My last name might confuse you, but I am, in fact, an American Jew through my mother. My mother’s maiden name is Robin and she was born and raised in Pittsburgh a few generations after our ancestors fled the pogroms of Czarist Russia. And my father came from an Episcopalian background. There was little religion in our home in New Jersey despite maintaining cultural connections to Judaism by going to the JCC and celebrating Passover and Hanukkah. As a young adult, I became eager for my family’s guidance when I started my professional career and was public-facing as a journalist.
Sitting around the kitchen table, some family members encouraged me to hide my Jewish identity. Some said things like don’t speak any Hebrew or Yiddish while others said to hide behind my last name, St. Clair, suggesting that if I want to succeed, I should not display my Judaism.
I was 32 when I learned that Birthright Israel was open to me. This came at the right time in my life. I was married with a young daughter and at the time, we were expecting our second child. My daughter began asking questions when we encountered anyone who was visibly Jewish and all the while the strong sense of connection to my heritage had not dissipated. I always felt a connection for Israel. When I ran for political office, I was a strong proponent of Israel publicly. I found myself asking why I felt this way. What does this connection to my heritage mean? Am I Jewish enough?
My wife supported this personal journey for me, as she encouraged me to claim my birthright while she was home with our family. I left for my Birthright Israel trip looking to explore this connection for what it meant to me personally and for our growing family.
My group was almost entirely Jews like me: they came from homes with one Jewish parent. And many of them had interests in the arts, so the days were filled with music and jam bands as we explored different aspects of our Jewish identity. I kept asking questions.
In Jerusalem, something clicked.
At Yad Vashem, while standing inside the children’s memorial, I thought of my own daughter and my son on the way. I broke down and sobbed.
Later that evening as the sun was setting into Shabbat, our group entered the Old City and descended to the Kotel. It had been a beautiful, clear day that quickly transitioned into a beautiful night. Several peers and I were visibly nervous. Were we Jewish enough? Then we heard sounds of singing, a beautiful chorus resounding in the air putting us in a rapturous feeling. As we entered the men’s section, we met some American Jews studying there and felt an instant connection and sense of belonging.
This moment of freedom with Jews celebrating Shabbat was an otherworldly stark contrast to the horrors I experienced earlier in the day at Yad Vashem.
A few days later, I had my Bar Mitzvah at the Kotel and I was given the Hebrew name Noach Yisrael or Noah Israel in English. I asked several artistic members of the group to sing with me to honor my mom. I chose “Do You Hear the People Sing?” from Les Mis, one of my mom’s favorite shows. While some may say this isn’t a Jewish song, some things aren’t always as they seem. Victor Hugo was known as a big supporter of Jews in France and the music was written by two Jewish composers. And I see it as easily interpreted as being about the Jews.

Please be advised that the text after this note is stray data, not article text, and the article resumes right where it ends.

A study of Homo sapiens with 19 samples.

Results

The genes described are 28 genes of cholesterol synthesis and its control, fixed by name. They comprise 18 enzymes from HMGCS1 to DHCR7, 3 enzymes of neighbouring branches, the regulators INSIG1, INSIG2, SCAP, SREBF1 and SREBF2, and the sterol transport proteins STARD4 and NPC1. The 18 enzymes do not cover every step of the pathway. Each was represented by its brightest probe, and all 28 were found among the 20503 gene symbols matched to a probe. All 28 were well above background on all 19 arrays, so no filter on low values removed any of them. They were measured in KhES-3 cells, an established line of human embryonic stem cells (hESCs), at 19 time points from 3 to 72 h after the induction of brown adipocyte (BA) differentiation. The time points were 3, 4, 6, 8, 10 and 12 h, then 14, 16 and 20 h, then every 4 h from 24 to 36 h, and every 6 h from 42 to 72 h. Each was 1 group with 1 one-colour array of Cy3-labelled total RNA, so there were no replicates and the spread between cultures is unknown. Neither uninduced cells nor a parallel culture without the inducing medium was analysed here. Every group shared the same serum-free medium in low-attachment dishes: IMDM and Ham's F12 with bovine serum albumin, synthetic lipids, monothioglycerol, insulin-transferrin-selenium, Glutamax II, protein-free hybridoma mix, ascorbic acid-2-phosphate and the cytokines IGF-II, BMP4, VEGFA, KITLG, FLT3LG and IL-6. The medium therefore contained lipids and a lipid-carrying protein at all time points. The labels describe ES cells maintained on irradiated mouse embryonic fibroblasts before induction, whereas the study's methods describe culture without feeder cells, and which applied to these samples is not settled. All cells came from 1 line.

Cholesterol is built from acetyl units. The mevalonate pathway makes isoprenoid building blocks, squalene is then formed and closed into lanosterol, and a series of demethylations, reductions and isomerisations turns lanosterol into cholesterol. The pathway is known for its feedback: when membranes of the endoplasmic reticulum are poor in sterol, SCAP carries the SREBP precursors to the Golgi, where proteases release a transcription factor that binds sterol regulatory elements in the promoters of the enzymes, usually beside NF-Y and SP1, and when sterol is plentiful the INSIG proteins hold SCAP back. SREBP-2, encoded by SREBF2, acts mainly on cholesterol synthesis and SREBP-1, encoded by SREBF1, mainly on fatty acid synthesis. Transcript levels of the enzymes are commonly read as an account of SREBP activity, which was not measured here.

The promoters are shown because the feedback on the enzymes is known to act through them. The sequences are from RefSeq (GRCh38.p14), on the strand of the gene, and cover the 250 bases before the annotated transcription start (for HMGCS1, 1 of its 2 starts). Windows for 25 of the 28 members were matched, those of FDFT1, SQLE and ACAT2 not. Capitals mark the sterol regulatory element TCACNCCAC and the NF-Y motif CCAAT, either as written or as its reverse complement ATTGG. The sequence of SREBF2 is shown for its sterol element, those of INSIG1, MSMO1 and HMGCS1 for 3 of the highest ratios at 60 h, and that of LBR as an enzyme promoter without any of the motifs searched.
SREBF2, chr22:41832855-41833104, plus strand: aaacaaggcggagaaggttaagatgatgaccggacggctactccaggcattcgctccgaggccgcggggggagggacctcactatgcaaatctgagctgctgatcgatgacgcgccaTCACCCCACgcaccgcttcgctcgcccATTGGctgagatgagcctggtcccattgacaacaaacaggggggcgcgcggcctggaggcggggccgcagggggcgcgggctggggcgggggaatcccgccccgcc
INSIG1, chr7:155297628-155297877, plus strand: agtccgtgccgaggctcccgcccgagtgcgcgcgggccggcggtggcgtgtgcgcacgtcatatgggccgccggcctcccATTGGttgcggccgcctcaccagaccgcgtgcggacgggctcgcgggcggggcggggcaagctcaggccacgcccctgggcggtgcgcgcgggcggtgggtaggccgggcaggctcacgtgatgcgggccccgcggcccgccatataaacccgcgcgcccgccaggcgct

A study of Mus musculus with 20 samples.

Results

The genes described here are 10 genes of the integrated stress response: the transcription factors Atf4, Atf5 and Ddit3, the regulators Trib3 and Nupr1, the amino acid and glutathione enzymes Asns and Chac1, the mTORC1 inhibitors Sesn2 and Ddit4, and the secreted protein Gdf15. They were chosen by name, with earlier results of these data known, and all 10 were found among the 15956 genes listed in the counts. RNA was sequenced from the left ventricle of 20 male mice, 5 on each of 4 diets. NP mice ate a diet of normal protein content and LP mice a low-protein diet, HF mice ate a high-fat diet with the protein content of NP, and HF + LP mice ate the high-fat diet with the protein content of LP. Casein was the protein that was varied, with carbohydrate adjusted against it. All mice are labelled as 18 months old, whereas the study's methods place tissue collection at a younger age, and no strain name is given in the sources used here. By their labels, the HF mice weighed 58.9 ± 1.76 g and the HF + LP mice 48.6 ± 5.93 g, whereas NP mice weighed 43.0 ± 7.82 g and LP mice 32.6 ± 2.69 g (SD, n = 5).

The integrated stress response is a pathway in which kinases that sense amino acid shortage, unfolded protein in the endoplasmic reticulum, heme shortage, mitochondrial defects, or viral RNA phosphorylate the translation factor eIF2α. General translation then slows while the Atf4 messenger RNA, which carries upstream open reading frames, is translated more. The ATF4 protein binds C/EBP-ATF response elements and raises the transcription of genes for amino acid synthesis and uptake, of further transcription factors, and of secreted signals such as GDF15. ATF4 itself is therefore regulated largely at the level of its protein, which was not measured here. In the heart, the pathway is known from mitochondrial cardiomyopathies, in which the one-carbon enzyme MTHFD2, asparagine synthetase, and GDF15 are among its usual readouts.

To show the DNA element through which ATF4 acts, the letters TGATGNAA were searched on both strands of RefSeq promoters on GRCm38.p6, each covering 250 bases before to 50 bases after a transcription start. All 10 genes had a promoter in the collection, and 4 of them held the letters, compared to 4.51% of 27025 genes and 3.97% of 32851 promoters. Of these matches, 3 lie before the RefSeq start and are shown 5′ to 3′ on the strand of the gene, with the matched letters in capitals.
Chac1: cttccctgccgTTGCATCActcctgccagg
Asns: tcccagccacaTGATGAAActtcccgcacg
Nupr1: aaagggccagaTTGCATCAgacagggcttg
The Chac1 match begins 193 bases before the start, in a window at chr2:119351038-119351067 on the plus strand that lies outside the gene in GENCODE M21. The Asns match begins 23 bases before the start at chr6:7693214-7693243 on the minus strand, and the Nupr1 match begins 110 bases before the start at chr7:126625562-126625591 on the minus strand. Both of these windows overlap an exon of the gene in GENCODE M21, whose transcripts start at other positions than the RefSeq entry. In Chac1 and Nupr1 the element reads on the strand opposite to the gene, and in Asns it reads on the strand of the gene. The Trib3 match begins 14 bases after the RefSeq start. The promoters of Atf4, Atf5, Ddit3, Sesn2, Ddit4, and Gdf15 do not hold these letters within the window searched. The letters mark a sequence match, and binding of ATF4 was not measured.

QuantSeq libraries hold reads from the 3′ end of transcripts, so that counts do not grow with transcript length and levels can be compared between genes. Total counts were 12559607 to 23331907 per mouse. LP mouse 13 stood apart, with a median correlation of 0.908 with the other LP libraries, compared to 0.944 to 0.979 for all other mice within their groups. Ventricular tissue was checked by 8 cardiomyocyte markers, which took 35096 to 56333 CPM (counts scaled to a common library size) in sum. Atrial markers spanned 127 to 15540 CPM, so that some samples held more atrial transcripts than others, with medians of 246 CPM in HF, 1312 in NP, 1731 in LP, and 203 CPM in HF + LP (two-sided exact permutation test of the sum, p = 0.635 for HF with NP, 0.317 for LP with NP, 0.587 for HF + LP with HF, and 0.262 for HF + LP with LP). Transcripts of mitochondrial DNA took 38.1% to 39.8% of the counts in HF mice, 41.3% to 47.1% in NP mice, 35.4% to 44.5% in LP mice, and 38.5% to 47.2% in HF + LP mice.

After the service, I called my mom and she immediately burst into tears.
My Birthright Israel experience was cathartic and a moving communal experience for me. It awakened a spiritual recognition: because of Birthright Israel, I identified publicly as a Jewish person for the first time. Today I feel a strong sense of pride and connection with my Jewish identity. And my passion for Israel deepened after hearing from Israelis on why it was so important for the State of Israel to exist.
Not long after my trip, I wrote an Op-Ed in The Jerusalem Post supporting Birthright Israel’s role in using Israel as a classroom for Jewish history, religion, and community, rather than making it about politics.
The Birthright Israel experience made me feel comfortable to share my thoughts and feelings about such a controversial subject.
I have also taken on a leadership role by joining Birthright Israel Foundation’s New York City Young Leadership Council. I have raised funds for Birthright Israel Foundation from friends, which is another way in which I can give back for an experience that means so much to me.
This past year I attended Yom Kippur services for the first time, an experience that made me feel more connected and grounded. In the future, I know Judaism will play a role in how my wife and I raise our children. I want to bring them more into the Jewish community and incorporate Jewish traditions, both religiously and culturally.
I want to thank the generous supporter who allowed me to experience my birthright. Thank you for restoring my Jewish identity and allowing this connection to extend to my family as part of a household that respects and advocates for its Judaism. Thank you!